While driving Big Data Delivery my team and I have gained invaluable insights that may be very familiar to the ones that you have experienced in your own organizations. Just close your eyes and imagine the world where Google built an online Data warehousing company, where it brought data from various smaller set of selected sources and spent most of its focus on cleansing, integrating and standardizing data based on industry standards and exposing them through a standard set of interfaces instead of focusing most of its effort in creating search algorithms that answer user questions. If that were the case, Google would not have become the company that has changed the world. Google is an ANSWER company, not a data movement, data integration, cleansing, standardization or certification company. Google is exponentially more valuable, not for the quality and consistency of the information it provides, but the hugely rich and highly contextual answers it provides as and when the answer is needed.
Here are three simple thoughts that may make you think.
- Philosophical shift vs. Technology shift – Has your team philosophically understood the Big Data paradigm? In the Big Data paradigm, we focus less on defining business rules and automating them. Instead, we focus on getting our hands on a vast amount of richer data (facts and opinions), creating models that study this extremely large and rich set of dataset to identify patterns that resulted in a positive or negative outcome and then apply the same patterns on new data to predict outcomes. We build systems, that for the first time take advantage of the feedback loop and learn and evolve at an extremely fast pace. We become more of a coach than the player. We recruit the right data, coach systems (predictive models) to play with the data and win the game for us and continue to do this over. Make sure that your team and your leadership understands this philosophical paradigm shift. This is the hardest change you will have to make, much harder than teaching your technical team how to use Big Data tools.
- Airline vs. the Space Program – Imagine when the Space program began. Now imagine, as the Space Program struggled to take off the ground it was forced to compete with airline companies. To survive the Space Program tries to act and behave like an airline company that can also move people around, from Chicago to Florida, from Beijing to Moscow and so on. Users complain that the space ships are not as comfortable and there are no stewardesses who serve them drinks and peanuts. The Space program complies by spending more of its focus on catering to these needs and making their ships look and feel more like the regular planes. The Space Program gets so deeply involved in taking care of day to day air travel challenges that it gets off the vision of Space exploration. Does your Big Data Program vision match that of a better airline company or that of a Space program? Aggressively define and refine the Big Data vision, crisply differentiate the vision of space travel (Big Data) from air travel (pre-Big Data technologies) and educate the organization on its dramatic value proposition.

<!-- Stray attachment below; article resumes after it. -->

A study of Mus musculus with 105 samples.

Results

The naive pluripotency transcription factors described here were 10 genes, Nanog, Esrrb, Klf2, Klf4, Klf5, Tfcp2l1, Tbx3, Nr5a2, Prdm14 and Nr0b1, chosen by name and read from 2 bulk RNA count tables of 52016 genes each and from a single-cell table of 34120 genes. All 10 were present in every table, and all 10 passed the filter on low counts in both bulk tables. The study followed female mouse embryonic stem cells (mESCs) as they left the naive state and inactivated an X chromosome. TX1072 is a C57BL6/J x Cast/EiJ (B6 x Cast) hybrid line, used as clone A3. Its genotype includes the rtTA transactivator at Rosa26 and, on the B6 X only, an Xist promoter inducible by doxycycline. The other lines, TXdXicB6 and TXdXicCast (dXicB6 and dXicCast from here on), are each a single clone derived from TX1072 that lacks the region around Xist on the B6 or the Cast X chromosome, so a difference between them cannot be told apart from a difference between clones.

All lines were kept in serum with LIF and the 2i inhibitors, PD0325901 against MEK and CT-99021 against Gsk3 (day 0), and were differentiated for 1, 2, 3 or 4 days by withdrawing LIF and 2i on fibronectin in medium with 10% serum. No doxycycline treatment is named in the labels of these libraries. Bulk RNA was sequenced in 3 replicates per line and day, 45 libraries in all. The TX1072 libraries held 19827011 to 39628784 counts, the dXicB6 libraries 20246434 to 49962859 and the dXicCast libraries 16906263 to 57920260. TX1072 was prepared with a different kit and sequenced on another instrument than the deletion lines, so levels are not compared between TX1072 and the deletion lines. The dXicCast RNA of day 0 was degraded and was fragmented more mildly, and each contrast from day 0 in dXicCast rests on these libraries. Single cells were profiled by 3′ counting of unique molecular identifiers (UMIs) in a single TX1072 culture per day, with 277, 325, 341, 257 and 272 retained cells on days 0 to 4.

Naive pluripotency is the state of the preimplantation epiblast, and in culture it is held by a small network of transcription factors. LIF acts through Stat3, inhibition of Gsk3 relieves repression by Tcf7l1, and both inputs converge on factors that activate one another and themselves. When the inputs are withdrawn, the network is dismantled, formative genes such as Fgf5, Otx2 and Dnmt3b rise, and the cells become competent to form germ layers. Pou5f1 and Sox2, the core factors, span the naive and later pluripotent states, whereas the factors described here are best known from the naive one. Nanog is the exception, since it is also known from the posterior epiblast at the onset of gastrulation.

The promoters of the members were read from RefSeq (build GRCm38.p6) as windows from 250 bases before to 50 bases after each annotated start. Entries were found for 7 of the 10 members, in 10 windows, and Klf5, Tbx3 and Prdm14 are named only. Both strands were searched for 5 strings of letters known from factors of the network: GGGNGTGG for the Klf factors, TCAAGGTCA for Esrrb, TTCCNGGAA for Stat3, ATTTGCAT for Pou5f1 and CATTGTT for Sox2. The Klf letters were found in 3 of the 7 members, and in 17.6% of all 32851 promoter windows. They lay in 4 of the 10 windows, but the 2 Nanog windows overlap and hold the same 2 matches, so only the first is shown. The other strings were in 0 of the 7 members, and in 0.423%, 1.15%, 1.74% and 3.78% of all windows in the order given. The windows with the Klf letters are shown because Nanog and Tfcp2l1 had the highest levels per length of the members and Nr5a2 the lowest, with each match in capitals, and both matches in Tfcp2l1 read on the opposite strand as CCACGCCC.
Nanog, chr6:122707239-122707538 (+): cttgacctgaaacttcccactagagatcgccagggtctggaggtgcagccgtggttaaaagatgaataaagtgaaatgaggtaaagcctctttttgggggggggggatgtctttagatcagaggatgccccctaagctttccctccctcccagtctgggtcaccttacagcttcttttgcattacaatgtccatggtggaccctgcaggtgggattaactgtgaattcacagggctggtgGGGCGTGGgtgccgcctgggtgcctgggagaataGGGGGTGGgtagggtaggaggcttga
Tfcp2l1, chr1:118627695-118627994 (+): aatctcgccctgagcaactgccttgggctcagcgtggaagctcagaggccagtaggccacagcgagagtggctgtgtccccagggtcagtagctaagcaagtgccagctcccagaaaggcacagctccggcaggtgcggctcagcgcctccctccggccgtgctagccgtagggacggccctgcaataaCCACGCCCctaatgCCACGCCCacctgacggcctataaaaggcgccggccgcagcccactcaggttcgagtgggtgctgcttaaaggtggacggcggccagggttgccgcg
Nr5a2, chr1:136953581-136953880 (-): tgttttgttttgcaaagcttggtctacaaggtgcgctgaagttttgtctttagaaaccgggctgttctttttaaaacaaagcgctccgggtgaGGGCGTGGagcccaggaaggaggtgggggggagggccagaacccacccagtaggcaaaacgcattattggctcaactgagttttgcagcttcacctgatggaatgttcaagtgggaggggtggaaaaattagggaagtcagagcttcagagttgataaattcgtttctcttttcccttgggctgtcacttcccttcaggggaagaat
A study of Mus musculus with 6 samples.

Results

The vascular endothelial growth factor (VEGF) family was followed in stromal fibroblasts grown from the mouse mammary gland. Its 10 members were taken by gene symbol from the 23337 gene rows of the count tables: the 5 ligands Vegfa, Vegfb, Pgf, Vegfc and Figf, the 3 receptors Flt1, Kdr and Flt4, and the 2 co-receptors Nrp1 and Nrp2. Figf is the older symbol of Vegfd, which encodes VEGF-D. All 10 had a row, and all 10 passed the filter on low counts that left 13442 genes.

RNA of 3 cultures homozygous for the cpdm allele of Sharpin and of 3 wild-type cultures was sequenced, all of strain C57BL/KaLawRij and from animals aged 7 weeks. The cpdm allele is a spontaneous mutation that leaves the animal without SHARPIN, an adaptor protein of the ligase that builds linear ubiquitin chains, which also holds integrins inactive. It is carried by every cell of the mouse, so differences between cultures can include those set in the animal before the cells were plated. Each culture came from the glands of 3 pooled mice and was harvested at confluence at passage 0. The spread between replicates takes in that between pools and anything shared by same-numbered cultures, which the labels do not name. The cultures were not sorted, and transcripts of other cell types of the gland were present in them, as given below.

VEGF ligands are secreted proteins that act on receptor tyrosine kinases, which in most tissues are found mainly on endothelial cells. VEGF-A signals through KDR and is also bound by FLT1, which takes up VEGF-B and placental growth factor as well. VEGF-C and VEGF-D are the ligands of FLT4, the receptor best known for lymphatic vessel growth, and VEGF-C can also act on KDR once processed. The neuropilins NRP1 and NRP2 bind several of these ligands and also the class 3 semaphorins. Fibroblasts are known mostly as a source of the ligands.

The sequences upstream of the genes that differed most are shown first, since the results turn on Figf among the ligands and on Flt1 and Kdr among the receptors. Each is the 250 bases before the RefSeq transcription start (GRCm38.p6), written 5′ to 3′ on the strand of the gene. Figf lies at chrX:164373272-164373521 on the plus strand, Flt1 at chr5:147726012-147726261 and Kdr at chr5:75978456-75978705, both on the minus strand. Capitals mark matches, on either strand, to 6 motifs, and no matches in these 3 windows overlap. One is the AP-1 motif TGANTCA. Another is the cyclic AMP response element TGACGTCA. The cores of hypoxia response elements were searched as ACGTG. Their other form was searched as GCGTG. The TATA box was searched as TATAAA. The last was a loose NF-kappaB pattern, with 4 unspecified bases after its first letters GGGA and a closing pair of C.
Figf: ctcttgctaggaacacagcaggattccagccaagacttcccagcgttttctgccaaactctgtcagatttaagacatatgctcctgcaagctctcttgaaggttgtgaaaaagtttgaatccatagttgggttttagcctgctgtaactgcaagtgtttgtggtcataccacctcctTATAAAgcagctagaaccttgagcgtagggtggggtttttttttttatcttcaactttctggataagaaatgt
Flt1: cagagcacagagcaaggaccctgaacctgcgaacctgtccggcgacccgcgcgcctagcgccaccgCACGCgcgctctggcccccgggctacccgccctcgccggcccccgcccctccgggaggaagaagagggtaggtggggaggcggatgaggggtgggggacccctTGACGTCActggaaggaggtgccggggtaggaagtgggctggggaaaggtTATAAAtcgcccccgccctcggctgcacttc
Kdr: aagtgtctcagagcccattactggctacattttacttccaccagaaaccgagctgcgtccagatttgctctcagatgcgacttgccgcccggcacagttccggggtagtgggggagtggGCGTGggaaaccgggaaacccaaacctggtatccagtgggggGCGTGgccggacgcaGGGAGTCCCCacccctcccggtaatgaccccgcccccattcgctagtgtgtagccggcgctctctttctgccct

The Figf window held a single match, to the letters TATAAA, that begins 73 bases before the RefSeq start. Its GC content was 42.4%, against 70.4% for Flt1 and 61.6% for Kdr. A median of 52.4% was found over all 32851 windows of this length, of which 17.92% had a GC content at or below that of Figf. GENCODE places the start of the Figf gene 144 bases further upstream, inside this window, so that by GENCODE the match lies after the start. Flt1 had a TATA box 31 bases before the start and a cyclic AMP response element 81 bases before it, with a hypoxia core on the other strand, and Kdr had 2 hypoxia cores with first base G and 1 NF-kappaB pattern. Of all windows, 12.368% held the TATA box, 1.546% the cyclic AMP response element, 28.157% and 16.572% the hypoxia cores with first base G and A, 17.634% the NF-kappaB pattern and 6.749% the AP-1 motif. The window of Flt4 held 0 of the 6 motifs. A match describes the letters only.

- NASA or SpaceX Program – There was a reason why the NASA program became outdated. It needed billions of dollars and years to deliver results. It worked well when our setup was dependent on federally funded budgets. In today’s world, that model is neither financially sustainable nor aligned with customer’s expectation around Speed to value. Are you able to explore and find micro use-cases that can be delivered within a very short amount of time while you continue to look for the larger investment that will place the organization on a firm Big Data path?
I am sure there are innumerable thoughts and insights that you have gained that are beyond mastering the technical intricacies and that will help us make Big Data pervasive, part of our day to day lives outside the box that is labeled SPECIAL, where every business or personal decision is for the first time FACT based and evolves seamlessly as new facts emerge and new patterns are identified.
This guest article is written by Sufian Abu.